Zulily Instagram post

Zulily To Return After Being Acquired For $4.5 Million By Beyond

The recently defunct flash-sale site Zulily may finally have found a fitting corporate home after two unsuccessful tries by TV-shopping giant Qurate and investment firm Regent.

Beyond Inc., the old Overstock.com reborn after the acquisition of Bed Bath and Beyond’s IP assets, just announced it acquired the intellectual property assets of online retailer Zulily for $4.5 million in an all cash deal. It will be folded into Beyond’s off-price Overstock division, which just came back from the dead too.

No date was announced when Zulily will be restored online, but if history repeats itself, it will get up and running fast. Beyond only took three months to revive Bed Bath and Beyond online.

“This acquisition doubles down on our belief in the off-price market, and its importance to building our business, improving our margin profile and growing our customer profile,” said Beyond executive chairman Marcus Lemonis in a statement.

Zulily will add 18 million customers to Beyond’s already mammoth house file, which included some 250 million names added through the Bed Bath and Beyond acquisition.

In the direct-to-consumer world, names are the gold standard, giving direct access to customers’ inboxes without paying high online customer acquisition costs. The house file also provides detail purchase histories, enabling a brand to activate more personalized digital marketing programs.

Beyond still has an uphill battle to re-engage those customers across its brands, but Zulily has only been offline since Christmas, so it might not be as hard as it’s been for Bed Bath and Beyond, which went through a high-profile bankruptcy and was known primarily as a brick-and-mortar retailer. In the fourth quarter, Beyond reported some 5.6 million active customers with a last twelve months (LTM) value of nearly $300.

“This acquisition marks a strategic step forward in the transformation and long-term growth of Beyond,” Lemonis added, as he called out “significant synergies” across product categories.

Zulily’s fashion focus complements Overstock’s home furnishings’ profile, though it is expanding into other categories, like jewelry.

Zulily’s Rocky Road

Zulily was an early online pioneer, launched in 2010 as a destination for moms to shop for herself and her family with deep discounts offered in a limited-time, flash-sale format. It’s Achilles Heel was it sold products to customers before placing merchandise orders with vendors, so deliveries could be delayed weeks before customers got their not-so-instant gratification.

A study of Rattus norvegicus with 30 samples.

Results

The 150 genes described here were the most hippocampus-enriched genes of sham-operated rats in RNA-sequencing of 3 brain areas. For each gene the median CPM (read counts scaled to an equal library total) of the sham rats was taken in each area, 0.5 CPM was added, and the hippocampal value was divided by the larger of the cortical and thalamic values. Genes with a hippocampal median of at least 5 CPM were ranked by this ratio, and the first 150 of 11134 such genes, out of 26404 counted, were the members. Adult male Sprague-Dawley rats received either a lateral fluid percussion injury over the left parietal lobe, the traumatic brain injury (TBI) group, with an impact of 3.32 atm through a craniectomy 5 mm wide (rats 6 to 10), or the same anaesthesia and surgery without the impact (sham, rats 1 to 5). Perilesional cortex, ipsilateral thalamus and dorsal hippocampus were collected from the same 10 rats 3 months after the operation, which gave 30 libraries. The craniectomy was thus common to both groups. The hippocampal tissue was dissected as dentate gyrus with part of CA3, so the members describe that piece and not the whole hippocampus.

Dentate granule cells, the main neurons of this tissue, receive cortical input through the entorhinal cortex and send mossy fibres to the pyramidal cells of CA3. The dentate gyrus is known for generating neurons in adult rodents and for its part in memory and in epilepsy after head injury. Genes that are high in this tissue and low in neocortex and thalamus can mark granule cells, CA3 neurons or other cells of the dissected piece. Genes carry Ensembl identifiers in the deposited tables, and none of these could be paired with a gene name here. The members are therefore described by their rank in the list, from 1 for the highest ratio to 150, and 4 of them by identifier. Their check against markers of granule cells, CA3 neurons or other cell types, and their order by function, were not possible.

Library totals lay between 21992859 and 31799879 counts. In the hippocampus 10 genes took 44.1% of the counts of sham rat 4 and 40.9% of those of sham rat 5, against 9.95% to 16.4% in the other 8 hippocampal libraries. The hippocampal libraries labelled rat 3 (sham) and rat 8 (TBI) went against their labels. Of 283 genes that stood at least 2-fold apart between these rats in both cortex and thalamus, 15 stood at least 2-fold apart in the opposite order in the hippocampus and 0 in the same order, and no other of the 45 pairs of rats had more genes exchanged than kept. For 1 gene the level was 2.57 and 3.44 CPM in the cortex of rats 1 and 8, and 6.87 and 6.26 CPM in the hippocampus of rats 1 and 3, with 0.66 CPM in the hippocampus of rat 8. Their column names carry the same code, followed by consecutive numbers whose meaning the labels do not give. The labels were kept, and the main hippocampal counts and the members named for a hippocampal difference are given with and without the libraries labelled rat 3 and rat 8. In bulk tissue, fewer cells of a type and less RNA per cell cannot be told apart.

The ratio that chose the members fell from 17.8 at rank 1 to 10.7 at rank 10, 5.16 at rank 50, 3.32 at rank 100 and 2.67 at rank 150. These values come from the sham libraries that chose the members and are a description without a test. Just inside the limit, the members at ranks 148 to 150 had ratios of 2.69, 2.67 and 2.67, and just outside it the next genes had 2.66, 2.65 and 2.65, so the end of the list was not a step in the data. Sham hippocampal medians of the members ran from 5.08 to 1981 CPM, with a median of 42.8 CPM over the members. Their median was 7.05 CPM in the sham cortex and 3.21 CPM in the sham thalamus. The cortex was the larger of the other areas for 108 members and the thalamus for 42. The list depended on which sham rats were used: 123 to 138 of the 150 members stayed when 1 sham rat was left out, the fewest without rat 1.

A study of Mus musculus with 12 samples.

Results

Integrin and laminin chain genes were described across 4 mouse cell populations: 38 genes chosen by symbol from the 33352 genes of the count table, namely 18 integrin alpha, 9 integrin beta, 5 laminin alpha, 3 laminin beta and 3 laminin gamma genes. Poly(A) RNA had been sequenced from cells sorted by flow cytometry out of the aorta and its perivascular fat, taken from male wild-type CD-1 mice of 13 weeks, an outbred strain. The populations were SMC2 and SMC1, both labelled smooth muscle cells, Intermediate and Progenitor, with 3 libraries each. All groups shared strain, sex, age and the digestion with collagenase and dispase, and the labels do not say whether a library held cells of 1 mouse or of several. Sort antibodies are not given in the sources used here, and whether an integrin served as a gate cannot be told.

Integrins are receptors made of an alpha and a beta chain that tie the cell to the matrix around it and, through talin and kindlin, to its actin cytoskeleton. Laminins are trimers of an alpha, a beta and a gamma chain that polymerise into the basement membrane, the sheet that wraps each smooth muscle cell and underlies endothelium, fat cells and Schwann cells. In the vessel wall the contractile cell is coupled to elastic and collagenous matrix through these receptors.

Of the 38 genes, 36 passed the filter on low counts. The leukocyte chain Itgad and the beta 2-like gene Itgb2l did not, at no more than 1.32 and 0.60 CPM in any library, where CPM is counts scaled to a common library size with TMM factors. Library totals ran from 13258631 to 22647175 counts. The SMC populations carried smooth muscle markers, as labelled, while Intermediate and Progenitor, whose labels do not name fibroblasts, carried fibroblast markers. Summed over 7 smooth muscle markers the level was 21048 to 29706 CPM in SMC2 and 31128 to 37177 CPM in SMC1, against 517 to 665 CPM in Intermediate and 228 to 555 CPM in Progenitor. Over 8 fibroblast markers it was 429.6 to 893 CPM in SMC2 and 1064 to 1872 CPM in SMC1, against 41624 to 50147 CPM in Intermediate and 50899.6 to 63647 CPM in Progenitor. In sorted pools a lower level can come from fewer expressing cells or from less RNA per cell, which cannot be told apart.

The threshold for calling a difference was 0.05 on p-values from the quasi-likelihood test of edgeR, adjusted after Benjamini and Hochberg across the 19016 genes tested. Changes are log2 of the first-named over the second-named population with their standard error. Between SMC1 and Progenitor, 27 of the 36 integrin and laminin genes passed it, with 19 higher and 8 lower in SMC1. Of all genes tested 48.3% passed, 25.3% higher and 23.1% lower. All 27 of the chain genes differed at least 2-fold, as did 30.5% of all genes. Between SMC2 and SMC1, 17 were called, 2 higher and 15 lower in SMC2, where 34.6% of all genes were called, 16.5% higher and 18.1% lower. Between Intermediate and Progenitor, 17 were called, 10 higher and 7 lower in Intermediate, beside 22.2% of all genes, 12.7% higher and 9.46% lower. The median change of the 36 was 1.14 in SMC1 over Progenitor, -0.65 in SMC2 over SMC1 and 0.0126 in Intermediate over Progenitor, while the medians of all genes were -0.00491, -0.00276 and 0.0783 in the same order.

Zulily went public in 2013, initially valued at $2.6 billion, but peaked at about $9 billion after reporting in fiscal 2014 that revenues advanced over 70% to reach $1.2 billion and adjusted EBITDA up about the same, reaching $44 million. Then things began to falter.

In August 2015, Liberty Interactive, which would become Qurate Retail with TV-shopping channels QVC and HSN, stepped forward to acquire Zulily in a deal valued at $2.4 billion, but Zulily’s flash-sale business model didn’t fit comfortably with Qurate’s TV-shopping one.

Under Qurate ownership, it peaked at $1.8 billion in 2018, but then started to slide. In 2022, Zulily sales dropped to $906 million and it called time.

Qurate offloaded Zulily in May 2023 to investment firm Regent for an undisclosed sum, but it apparently didn’t have the wherewithal to turn Zulily around and closed it at the end of December 2023 after only seven months.

Now Zulily has found a new home under Beyond and its Overstock group headed by CEO Dave Nielson. It feels like a good fit.

“The ramp with Zulily is simple, as the website and mobile app are already built and available in the Shopify environment,” he said. “We will be able to integrate it seamlessly into our back-end systems for order fulfillment, logistics and operations to by handled by our existing teams.”

Bright New Day

Jefferies investment analyst Jonathan Matuszewski believes that Zulily has finally landed in a good place to revive its business. He notes that Zulily’s misfortunes were caused by “unreliable shipping speeds, confusing pricing and a failure to innovate.” But it was always a stepchild in the broader Qurate business and didn’t get the attention required.

“Theoretically, under the Beyond model, those headwinds should be largely alleviated,” he wrote in a research note. “We believe Beyond is a natural acquirer for this asset and a significant return on investment could be achieved with a fraction of LTM sales.”

Zulily still has hurdles to overcome. In 2023, it had 2.5 million active customers, so the site had lost more than 80% of its existing customer base, leaving questions whether Beyond has a good understanding of the current Zulily customer, how much overlap there is between its existing files and whether the customer lists will meld together well.

All in all, Matuszewski sees strong upside for Beyond in this acquisition. “This introduces an incremental lever for management to bolster Beyond’s active customer file and wallet share.” At the same time, Jefferies is still rating the Beyond stock a Hold, waiting to see whether CEO Marcus Lemonis has the magic touch with the company undergoing so many changes over the past two years.

As for loyal Zulily customers and past ones who got lost in the shuffle through two corporate owners, maybe the third time is the charm.